I’ve given and received priesthood blessings for almost 30 years, much more so recently, and can say without any stretch of the imagination that they truly work. Most of the time they’ve had subtle, benign results, and sometimes they’ve been more dramatic. For example, all through elementary school my daughter hadn’t missed a single day of attendance. While genetics, diet, prevention and hygiene might have had played large parts in this, grade school is still a massive, malevolent Petri dish, so I’d like to believe blessings– and the faith of my little girl– were the parts that sealed the deal.
Some of the best blessings come after abrupt needs. Thomas S. Monson gave a great illustration of this when speaking of his tour in the military:
The night preceding our Christmas leave, our thoughts were, as always, on home. The barracks were quiet. Suddenly I became aware that my buddy in the adjoining bunk—a member of the Church, Leland Merrill—was moaning in pain. I asked, “What’s the matter, Merrill?”
He replied, “I’m sick. I’m really sick.”
I advised him to go to the base dispensary, but he answered knowingly that such a course would prevent him from being home for Christmas. I then suggested he be quiet so that we didn’t awaken the entire barracks.
The hours lengthened; his groans grew louder. Then, in desperation, he whispered, “Monson, aren’t you an elder?” I acknowledged this to be so, whereupon he pleaded, “Give me a blessing.”
I became very much aware that I had never given a blessing. I had never received such a blessing; I had never witnessed a blessing being given. My prayer to God was a plea for help. The answer came: “Look in the bottom of the seabag.” Thus, at 2:00 a.m. I emptied on the deck the contents of the bag. I then took to the night-light that hard, rectangular object, The Missionary’s Hand Book, and read how one blesses the sick. With about 120 curious sailors looking on, I proceeded with the blessing. Before I could stow my gear, Leland Merrill was sleeping like a child.
The next morning, Merrill smilingly turned to me and said, “Monson, I’m glad you hold the priesthood!” His gladness was only surpassed by my gratitude—gratitude not only for the priesthood but for being worthy to receive the help I required in a time of desperate need and to exercise the power of the priesthood.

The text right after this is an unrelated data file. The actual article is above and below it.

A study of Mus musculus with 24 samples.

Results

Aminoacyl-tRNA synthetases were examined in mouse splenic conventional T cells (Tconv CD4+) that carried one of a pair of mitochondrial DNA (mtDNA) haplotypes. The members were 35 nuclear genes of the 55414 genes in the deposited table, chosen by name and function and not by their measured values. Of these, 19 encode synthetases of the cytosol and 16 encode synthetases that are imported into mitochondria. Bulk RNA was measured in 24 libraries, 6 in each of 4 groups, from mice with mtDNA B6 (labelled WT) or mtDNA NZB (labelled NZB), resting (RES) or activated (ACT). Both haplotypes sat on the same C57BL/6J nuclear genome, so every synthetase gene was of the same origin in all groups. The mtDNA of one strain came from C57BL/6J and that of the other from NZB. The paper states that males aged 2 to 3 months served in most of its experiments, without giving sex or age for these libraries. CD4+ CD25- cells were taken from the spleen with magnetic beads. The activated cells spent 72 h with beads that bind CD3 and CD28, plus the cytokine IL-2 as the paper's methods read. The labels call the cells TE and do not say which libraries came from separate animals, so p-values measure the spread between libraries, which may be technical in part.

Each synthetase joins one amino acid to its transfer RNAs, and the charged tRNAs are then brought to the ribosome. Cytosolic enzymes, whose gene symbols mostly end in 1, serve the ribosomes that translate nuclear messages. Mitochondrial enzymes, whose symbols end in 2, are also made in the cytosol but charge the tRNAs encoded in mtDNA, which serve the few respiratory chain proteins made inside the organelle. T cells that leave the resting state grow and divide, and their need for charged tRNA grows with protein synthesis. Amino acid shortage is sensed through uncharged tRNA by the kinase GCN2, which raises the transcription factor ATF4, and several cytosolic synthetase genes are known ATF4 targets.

Thomas S. Monson, “The Priesthood—a Sacred Gift,” Ensign, May 2007
But, what of those times when the priesthood blessing produces a result contrary to what was anticipated? Not that it wasn’t answered, but that the answer defied expectation with a vengeance?
It had been a little over a year after my conversion when I found myself a greenie missionary in my first area. My senior companion, who had been out a year, had just lost his favorite companion to me, so he wasn’t the merriest of company. He’d ride hard on the bike from one part of town to the other and berated me if I didn’t keep up. He’d play practical jokes on me all the time, the kind a teenager plays on his pipsqueak kid brother. I used to think how grateful his family must be seeing him go on that mission.
As part of my acclimation to the area, my companion took me around to member homes to introduce me. One evening we went to the home of an elderly couple and found them distraught. They just learned the wife had inoperable cancer and had 6 months to live. With his arm around his sweetheart and tears in his eyes, the husband asked if we would give her a blessing. My companion, “Elder Chuckles,” said “Absolutely! Elder T– would love to give her a blessing.” Now, he knew I, like Elder Monson, had never given a blessing before, and he was enjoying himself immensely for the fix he just put me in. He took me aside and told me how to open and close the blessing, and said I should just say what I’m feeling for the body of it. After my companion anointed the sister, I laid my hands on her head and proceeded. I told the sister that Heavenly Father was pleased with her faith and loved her very much. I don’t remember everything I said, but I do recall blessing her that she would be spared pain and heartache, and that her spirit might lift knowing that Heavenly Father had a plan for her and His love would help her bear the burden. After I closed, the Spirit in the room was strong, surprising me a great deal. The husband and wife hugged each other and wept and we quietly excused ourselves. The following morning we got the call– the sister had died that night. One moment standing, the next, bam, down on the floor dead. My companion and I looked at each other in wonder. It was only then that we had our first personal glimpse at what a powerful force the priesthood was, and what a responsibility we had to hold it.
I was never asked to give another blessing in that area.
Since that wonderful first experience, I never had another blessing reap such a climactic result and I look forward to learning why Father chose it for my first time. I have a feeling it was to further cauterize my recent conversion.
If anyone else has a story involving a blessing with profound or a different kind of result, I’d love to hear it.